Party of boar hunters raises alarm in Sai Kung
Villagers demand advance warning of hunts after rifle-toting men cause scare
A group of Sai Kung residents are calling for more warning about officially sanctioned wild pig hunts after they were left terrified by a group of armed men who descended on Nam Shan Village at dusk last week.
Only four small signs tied to roadside railings and barely visible in the dim light gave a hint of what was happening on Monday.
"Live Shooting Area", they read. The men, as residents learned later, had been authorised by the government to use live ammunition to hunt wild boars in the neighbourhood. But few in the area around the Nam Shan pavilion and bus stop had any idea bullets would be fired not far from where amahs walked children home from school.
"No barriers were erected to stop members of the public from entering the live firing area," said Karina O'Carroll, a Sai Kung resident for more than 20 years. "There were numerous points farther up the hill [where the men walked] that weren't marked with warning signs. They were [creating] a line of fire that [people] could have walked through, say, with their dogs. When shots were fired, no one had any clue what was going on."
No police were present and when people approached the armed men - some of whom were wearing masks - to ask what they were doing, they became aggressive, residents said. It was not clear why the men needed to hide their identities.
The firing area was directly next to the main road into the village. O'Carroll said residents were walking along the road with their dogs; helpers were taking children home from school; and drivers were passing in their cars and public minibuses - all within range of the shotguns and rifles.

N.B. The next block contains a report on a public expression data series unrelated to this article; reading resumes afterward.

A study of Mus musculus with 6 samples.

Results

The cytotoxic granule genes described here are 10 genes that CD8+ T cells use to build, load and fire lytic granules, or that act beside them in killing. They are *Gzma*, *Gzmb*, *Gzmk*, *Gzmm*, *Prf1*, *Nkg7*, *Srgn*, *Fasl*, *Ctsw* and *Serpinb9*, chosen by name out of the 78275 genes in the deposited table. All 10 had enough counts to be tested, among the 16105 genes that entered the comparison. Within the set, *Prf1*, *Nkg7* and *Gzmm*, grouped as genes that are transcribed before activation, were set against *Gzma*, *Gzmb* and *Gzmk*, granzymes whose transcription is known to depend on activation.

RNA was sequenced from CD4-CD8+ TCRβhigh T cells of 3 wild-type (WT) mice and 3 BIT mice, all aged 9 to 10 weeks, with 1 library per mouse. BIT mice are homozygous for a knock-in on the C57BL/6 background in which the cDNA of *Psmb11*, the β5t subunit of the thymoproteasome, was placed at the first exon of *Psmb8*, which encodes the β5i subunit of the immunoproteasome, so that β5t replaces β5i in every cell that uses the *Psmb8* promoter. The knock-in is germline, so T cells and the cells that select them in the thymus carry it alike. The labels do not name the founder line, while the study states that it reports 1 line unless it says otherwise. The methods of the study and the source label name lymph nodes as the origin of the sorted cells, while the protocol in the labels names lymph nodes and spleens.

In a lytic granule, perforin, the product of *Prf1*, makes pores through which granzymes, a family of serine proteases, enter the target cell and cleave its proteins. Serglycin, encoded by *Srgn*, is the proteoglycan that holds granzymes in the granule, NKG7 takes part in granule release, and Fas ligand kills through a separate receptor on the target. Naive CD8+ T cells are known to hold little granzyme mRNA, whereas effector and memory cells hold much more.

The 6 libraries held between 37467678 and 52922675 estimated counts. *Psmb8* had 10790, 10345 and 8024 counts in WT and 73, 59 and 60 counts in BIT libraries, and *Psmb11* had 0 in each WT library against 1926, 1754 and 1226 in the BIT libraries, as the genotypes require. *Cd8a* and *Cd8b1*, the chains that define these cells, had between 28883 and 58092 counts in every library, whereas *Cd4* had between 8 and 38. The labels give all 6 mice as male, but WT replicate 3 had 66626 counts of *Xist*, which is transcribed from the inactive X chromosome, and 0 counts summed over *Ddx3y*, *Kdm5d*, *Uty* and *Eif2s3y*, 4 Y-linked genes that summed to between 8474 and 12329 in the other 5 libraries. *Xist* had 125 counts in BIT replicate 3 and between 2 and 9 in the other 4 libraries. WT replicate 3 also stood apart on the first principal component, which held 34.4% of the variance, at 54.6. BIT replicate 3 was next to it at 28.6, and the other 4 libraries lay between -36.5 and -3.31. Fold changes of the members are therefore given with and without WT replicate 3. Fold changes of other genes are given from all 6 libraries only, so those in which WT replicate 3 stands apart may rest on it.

A spokeswoman for the Agriculture, Fisheries and Conservation Department confirmed two groups of civilian volunteers had been authorised to hunt wild pigs. Members must have special permits issued by the department under the Wild Animals Protection Ordinance and arms licences issued by the police.
"Several complaints related to wild pigs had been received since December 2012," she said. "The pigs had consistently caused damage to personal property. Preventive measures such as erection of fences were not applicable … The operation followed all necessary [legal] requirements."
Friends of Sai Kung chairman Guy Shirra said officials should review how the issue was managed. He called for "adequate notice to the public given through established channels and local groups. The bilingual notices I have seen make no mention of AFCD official activity."